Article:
Canine loss of vision and blindness in one or both eyes can be caused by a number of factors, from normal aging, injury, heredity, or eye disorders or diseases. But how do you know if your dog's vision problems are due to aging or something else?
Most dogs experience vision loss gradually over time. The chart below shows how canine vision naturally changes as dogs age. Contrary to humans, who become more farsighted as they age, dogs become more nearsighted with age. You may have noticed this in your own dogs.
But for some, the loss of vision can be rapid and sudden. Watch your dog closely to see if he displays any of these signs of vision loss. And if he does, seek immediate veterinary care.
Clumsiness And Confusion
Dogs have a tendency to memorize their surroundings as their vision declines, so you may not be able to tell immediately if your dog can't see his surroundings. However, if she shows signs of confusion or seems clumsy in new areas, it's possible she's experiencing vision loss. To test this, you can take your dog to a new area or home to see how well she moves around in it. If your dog seems to step high or with great caution or have her nose very close to the ground or bump into things, it is a good sign that your dog may have problems with his vision.
Difficulty With Night Vision
Night vision is usually the first to go. However, loss of night vision often goes unnoticed because it's difficult to gauge vision problems in the dark, and because dogs have a tendency to memorize their surroundings. To test your pup's night vision, try moving some furniture just a bit to the left or right, forward or backward, of their current position, turning off the lights, and calling the dog towards you. Your objective is not to hurt your dog, so be careful how you do this exercise. If he bumps into things on his way towards you, you might want to have his vision checked. If you turn on the lights and your dog still has problems navigating around the new placement of objects, that is also a clear indicator that your dog has vision loss.
Fuzziness Or Cloudiness Of The Eyes
If your dog's eyes look cloudy, fuzzy, white, blue, or even teary, it may be a sign of vision problems or eye disorders. Cloudy eyes are common in many older dogs, but they can also be a sign that your pup has a corneal ulcer, nuclear sclerosis, an abrasion or, the most common sight impairment in older dogs, cataracts. Also, cloudy eyes may be a sign that the cornea is inflamed, resulting in vision problems. Your pup's eyes may also be teary, and you may notice some squinting or pawing at the eye.
Large or dilated pupils could be a symptom of glaucoma, or other vision problems such as progressive retinal atrophy which can lead to permanent blindness. Enlarged pupils may also be a sign of toxicity, medication side effects, or stress. If your pup develops enlarged pupils, it's a good idea to take him to the vet.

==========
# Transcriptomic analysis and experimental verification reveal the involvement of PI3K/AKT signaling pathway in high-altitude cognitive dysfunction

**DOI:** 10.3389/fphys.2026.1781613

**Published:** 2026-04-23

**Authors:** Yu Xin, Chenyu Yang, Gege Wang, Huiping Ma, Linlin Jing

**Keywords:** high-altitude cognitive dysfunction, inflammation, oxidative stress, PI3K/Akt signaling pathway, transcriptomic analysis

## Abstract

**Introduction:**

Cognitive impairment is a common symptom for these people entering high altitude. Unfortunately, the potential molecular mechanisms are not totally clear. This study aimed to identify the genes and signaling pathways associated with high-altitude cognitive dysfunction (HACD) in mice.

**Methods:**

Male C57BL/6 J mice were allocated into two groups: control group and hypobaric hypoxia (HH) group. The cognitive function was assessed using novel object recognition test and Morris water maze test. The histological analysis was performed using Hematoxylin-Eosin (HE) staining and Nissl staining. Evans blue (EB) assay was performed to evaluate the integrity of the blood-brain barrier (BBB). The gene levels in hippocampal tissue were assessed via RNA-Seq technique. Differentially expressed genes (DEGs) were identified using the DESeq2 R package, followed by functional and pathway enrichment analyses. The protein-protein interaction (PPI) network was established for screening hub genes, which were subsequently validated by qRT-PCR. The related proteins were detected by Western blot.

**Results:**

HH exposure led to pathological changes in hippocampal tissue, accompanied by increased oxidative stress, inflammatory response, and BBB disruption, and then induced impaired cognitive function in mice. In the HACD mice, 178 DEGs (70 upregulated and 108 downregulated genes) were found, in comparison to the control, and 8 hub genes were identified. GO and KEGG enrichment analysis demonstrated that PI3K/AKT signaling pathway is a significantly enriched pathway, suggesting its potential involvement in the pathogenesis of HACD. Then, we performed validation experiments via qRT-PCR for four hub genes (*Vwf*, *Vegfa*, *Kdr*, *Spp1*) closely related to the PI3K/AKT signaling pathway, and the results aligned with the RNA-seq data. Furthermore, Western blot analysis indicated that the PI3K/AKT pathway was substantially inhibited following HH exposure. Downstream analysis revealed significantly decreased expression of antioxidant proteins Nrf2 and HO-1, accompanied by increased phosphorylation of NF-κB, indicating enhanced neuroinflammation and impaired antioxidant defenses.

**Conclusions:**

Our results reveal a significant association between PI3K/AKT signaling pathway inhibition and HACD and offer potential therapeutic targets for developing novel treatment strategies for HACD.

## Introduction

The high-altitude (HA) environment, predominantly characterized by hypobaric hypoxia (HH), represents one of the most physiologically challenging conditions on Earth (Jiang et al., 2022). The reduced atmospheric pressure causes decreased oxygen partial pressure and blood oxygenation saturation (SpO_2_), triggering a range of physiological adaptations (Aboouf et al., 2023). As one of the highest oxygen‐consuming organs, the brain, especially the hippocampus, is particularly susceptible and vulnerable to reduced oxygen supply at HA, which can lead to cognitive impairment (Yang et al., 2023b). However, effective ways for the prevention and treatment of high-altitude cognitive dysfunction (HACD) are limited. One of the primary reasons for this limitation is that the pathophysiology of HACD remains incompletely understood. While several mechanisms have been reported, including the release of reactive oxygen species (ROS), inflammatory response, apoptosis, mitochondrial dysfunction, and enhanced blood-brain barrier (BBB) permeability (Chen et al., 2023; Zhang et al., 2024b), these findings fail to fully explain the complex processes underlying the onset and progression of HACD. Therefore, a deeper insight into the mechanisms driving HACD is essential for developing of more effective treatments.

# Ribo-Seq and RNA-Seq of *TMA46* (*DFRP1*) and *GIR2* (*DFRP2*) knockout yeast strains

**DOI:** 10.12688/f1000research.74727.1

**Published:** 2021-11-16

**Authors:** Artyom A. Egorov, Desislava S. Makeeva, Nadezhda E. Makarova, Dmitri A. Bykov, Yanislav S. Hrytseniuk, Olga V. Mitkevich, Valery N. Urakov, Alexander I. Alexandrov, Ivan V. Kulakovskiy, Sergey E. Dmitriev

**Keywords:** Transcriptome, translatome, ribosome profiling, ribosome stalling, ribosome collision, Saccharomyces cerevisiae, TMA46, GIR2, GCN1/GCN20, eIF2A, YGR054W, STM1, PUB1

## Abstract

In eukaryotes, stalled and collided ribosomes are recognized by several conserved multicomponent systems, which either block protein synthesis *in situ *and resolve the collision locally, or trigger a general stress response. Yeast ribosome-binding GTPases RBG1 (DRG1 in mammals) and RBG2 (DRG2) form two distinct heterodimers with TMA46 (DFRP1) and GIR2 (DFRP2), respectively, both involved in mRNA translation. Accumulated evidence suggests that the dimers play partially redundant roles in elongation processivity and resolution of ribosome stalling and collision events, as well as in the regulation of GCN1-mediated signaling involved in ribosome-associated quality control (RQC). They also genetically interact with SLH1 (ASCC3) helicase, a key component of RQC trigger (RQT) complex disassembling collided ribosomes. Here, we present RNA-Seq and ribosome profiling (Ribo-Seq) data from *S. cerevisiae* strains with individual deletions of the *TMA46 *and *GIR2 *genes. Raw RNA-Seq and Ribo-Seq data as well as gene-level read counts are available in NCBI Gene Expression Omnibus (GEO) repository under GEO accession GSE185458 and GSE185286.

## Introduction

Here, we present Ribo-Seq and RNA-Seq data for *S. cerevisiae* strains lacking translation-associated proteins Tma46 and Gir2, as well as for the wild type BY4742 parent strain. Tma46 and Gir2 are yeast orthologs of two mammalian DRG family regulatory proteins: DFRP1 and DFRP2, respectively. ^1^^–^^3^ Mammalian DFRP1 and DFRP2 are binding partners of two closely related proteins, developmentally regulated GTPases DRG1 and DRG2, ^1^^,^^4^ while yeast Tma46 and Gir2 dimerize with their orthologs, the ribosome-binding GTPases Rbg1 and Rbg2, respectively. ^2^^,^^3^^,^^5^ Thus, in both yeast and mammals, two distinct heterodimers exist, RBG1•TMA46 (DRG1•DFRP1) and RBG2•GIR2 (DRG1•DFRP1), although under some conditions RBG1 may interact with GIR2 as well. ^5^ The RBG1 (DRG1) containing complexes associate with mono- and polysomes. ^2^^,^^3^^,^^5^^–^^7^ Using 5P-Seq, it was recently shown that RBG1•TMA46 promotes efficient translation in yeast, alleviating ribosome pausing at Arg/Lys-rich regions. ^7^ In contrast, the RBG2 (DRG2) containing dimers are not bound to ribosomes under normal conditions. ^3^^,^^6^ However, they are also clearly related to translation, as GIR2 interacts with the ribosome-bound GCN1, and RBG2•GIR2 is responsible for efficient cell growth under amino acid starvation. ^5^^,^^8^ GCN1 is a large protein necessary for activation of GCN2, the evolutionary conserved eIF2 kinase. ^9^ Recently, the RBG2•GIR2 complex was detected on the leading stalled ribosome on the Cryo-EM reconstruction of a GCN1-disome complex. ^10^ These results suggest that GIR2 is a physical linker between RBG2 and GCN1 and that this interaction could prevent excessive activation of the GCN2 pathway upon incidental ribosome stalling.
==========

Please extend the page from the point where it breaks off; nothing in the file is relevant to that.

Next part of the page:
Dog Doesn't React OR Is Easily Startled
If your dog doesn't react to his favorite treat or toy from a distance, seems to smell things before he sees things, or gets easily startled, it's possible he's experiencing vision problems. To test this, try dropping a toy in front of him without hitting his nose. If he doesn't react to the toy until it hits the ground, or doesn't follow it as it's moving, there's a good chance he's experiencing vision problems. If your dog shows any of these signs, be sure to take him to the vet as soon as possible to get him checked out.
While canine vision loss and blindness are always difficult, don't panic. Since dogs have and rely on their keen sense of smell and sound, your dog will still be able to navigate around, especially in the home and other places she knows, even with significant vision loss. Just get her to the vet to check out the cause of the problem, get necessary medication, and find out how you can help your dog avoid or minimize any further vision loss.
It may be helpful to boost your dog's nutrition For natural supplements that help with vision, you can see our recommendations for Dog Vision Supplements here. I have personally tried using Ocu-Glo for my oldest dog and I felt like I saw a noticeable improvement in his vision and his overall engagement with the world after a few months. I had him checked by the vet first and he did not have any serious medical condition, just some vision loss associated with aging. So I do believe supplements or just a more nutrition-rich diet can be helpful. If you're not sure about your dog food, take a look at our post on Top 5 Best Dog Foods. You can also boost his regular food with some anti-oxidant rich fruits and veggies and fish oil as a snack.